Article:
The San Joaquin River, which helps
drain California’s Central Valley, has been negatively impacted
by construction of dams, inadequate streamflows and poor water
quality. Efforts are now underway to restore the river and
continue providing agricultural lands with vital irrigation,
among other water demands.
After an 18-year lawsuit to restore water flows to a 60-mile dry
stretch of river and to boost the dwindling salmon populations,
the San Joaquin River Restoration Settlement is underway.
Water releases are now used to restore the San Joaquin River and
to provide habitat for naturally-reproducing populations of
self-sustaining Chinook salmon and other fish in the San Joaquin
River. Long-term efforts also include measures to reduce or avoid
adverse water supply impacts from the restoration flows.
Stream gauges and monitoring wells are ready and waiting along
the San Joaquin River. Big money has been spent for the right
to let water flow through a private bypass. All that’s missing
now is water.
About 100 people listened at a public meeting in Fresno to
sometimes passionate statements from speakers who faulted
everything from the feasibility analysis to the notification
for the hearing on the draft Environmental Impact Statement for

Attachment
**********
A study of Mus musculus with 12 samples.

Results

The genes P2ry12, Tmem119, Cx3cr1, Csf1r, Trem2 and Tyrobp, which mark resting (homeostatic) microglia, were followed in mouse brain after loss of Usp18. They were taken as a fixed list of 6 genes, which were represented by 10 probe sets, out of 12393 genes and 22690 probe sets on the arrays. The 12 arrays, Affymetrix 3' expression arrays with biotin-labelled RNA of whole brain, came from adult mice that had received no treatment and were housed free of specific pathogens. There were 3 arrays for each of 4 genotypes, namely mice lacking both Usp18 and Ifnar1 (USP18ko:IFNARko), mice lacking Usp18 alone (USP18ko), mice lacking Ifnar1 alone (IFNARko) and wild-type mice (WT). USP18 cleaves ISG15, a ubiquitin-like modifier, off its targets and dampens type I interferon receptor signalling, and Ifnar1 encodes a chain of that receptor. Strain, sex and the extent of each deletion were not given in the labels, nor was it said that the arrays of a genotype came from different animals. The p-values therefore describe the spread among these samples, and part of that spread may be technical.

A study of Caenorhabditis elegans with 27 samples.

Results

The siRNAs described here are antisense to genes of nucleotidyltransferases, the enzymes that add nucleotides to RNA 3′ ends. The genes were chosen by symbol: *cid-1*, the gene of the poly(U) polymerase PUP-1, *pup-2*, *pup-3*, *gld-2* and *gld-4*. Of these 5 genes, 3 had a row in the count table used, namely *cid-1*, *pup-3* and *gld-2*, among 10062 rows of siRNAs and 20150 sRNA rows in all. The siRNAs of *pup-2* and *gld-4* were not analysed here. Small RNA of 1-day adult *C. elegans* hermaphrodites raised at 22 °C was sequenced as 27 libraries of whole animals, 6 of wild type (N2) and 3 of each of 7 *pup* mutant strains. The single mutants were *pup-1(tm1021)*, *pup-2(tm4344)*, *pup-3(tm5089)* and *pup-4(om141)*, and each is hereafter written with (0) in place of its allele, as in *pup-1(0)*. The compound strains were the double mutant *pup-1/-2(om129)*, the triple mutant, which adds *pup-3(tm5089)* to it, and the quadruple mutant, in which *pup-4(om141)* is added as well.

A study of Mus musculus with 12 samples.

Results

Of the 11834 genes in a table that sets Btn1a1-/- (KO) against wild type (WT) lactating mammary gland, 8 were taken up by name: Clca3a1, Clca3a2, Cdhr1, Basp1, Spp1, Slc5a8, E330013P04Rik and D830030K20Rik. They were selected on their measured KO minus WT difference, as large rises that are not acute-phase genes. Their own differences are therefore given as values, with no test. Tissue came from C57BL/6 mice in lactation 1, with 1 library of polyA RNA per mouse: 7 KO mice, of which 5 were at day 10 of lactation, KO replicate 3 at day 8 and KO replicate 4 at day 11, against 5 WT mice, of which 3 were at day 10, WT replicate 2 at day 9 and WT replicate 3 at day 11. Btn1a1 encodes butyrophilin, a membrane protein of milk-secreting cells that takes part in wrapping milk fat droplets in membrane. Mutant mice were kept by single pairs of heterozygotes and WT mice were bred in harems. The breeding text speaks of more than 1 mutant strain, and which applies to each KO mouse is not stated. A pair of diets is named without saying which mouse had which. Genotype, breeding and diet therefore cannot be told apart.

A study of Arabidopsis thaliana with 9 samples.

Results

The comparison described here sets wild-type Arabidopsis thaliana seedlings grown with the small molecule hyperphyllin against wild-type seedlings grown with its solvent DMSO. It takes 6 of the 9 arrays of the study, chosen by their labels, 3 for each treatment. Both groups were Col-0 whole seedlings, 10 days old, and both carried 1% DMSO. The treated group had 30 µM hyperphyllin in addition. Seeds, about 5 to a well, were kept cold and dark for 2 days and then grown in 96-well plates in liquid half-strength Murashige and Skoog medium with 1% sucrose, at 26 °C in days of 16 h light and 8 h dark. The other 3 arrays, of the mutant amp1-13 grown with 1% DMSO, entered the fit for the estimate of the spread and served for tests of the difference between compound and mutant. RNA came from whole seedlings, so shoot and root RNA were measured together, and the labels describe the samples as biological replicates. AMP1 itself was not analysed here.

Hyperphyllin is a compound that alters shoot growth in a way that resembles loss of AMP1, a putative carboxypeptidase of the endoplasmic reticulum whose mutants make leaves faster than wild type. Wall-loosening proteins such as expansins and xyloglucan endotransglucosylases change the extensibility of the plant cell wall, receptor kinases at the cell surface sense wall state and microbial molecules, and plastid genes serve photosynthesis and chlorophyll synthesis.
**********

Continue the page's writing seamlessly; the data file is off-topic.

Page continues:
Temperance Flat Reservoir.
Join us on the Nov. 6-7 San Joaquin River Restoration Tour that
will explore the challenges associated with restoration of the
San Joaquin River, a program that is the result of a legal
settlement. See firsthand the progress being made and discuss
the current conflicts so you can better understand the
coordination taking place to implement one of the largest river
restoration projects in the nation. The two-day,
one-night tour starts and ends in Fresno.
California’s roughly 375 game wardens, each of whom patrols on
average more than 400 square miles, have been called the “thin
green line.” They are all that stand between poachers and their
prey. They are trying to preserve what’s left.
This issue of Western Water explores the implications for the San
Joaquin River following the decision in the Natural Resources
Defense Council lawsuit against the Bureau of Reclamation and
Friant Water Users Authority that Friant Dam is required to
comply with a state law that requires enough water be released to
sustain downstream fish populations.
This printed copy of Western Water examines the Delta through the
many ongoing activities focusing on it, most notably the Delta
Vision process. Many hours of testimony, research, legal
proceedings, public hearings and discussion have occurred and
will continue as the state seeks the ultimate solution to the
problems tied to the Delta.
This printed issue of Western Water examines the issues
associated with the State Water Board’s proposed revision of the
water quality Bay-Delta Plan, most notably the question of
whether additional flows are needed for the system, and how they
might be provided.
This issue of Western Water looks at the BDCP and the
Coalition to Support Delta Projects, issues that are aimed at
improving the health and safety of the Delta while solidifying
California’s long-term water supply reliability.